Velocity--A little talk on what it is and isn’t, and how to make it meaningful

Scrum relies heavily on Velocity for planning and performance improvements. Let's talk about what it really means, some anti-patterns and good practices.

One of the more abstract concepts in Agile is how to use Story Points and Velocity. It seems pretty straightforward in concept--assign each work unit (story) relative points; at the end of the sprint count up how many points you completed and plan that number for next sprint. But in practice...

Do points represent days? Complexity? What if something is easy to develop but hard to test? Maybe a task is UI heavy or back-end heavy? Should all teams in an organization use the same scale? What happens when the team composition changes?

One of the most common challenges is how velocity is viewed outside the Scrum team. Why is Team A's velocity 70 while Team B's is 90? How can we increase velocity to 90? Of course the team can and will fix that just by changes the SPs assigned to each task--that three-point story is now magically worth five; how did that happen?

Points and Velocity are just tools. Learn some ways to not let them take over.

 
 

Outline/Structure of the Lightning Talk

“How fast?” is a Physics question, so let’s abuse the analogy

  • Speed is a number. Velocity is speed + direction. Vector math. They said there would be no math? They lied.
  • Usually we are talking about Average Velocity over several sprints. If you insist on extrapolating single points of data, you will be swiped left.
  • Terminal Velocity—you are moving as fast as you can, restrained by outside forces (at least until the ground intervenes). Further changes may not affect velocity n a positive way, but could improve quality.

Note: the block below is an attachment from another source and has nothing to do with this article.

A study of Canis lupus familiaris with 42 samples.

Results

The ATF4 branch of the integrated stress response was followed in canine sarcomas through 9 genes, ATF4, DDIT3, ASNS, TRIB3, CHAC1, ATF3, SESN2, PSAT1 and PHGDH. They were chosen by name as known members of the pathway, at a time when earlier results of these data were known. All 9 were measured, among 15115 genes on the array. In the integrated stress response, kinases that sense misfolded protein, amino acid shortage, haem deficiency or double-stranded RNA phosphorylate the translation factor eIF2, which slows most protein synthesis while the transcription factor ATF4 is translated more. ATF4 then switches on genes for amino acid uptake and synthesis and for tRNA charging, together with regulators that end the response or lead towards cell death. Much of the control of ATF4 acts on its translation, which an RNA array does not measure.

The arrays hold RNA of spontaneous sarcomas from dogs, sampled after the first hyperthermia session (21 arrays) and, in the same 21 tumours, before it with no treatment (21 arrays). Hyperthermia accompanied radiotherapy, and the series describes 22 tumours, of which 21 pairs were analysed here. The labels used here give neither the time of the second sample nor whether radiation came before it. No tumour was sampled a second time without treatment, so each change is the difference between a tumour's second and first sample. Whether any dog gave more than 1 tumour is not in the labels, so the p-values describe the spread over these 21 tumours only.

• Inertia—unless you make a change, velocity won’t. New KPI—Project Gravitational Mass (the calculation involves wave equations and a kitten; don’t worry, there’s a plugin for Excel).
  • Escape Velocity—speed needed to leave the gravity well of institutional mass (XKCD gravity wells).
  • Relativity—Sprint time is relative, when viewed from the outside. Management always wants it to be consistent across teams, and always faster.

Why does understanding the different ways of thinking of Velocity matter? Because what gets measured becomes the thing that is managed

  • How Velocity used and abused
  • Predictability
  • Motivation
  • Process improvement measurement

Learning Outcome

Ways to defend Velocity from being abused

Target Audience

Those beginning or in the middle of Agile transformations

Prerequisites for Attendees

Nothing

schedule Submitted 1 year ago

Public Feedback

comment Suggest improvements to the Speaker
  • George Dinwiddie
    By George Dinwiddie  ~  1 year ago
    reply Reply

    I like these aspects of the submission, and they should be retained:

    • velocity is oft-misused

    I think the submission could be improved by:

    • writing a description that lets attendees know if this session fits their situation, and what benefits they will likely obtain by attending. Sell your session in the description.
    • Bruce Telford
      By Bruce Telford  ~  1 year ago
      reply Reply

      Thanks, George!  Updated.  Is that better?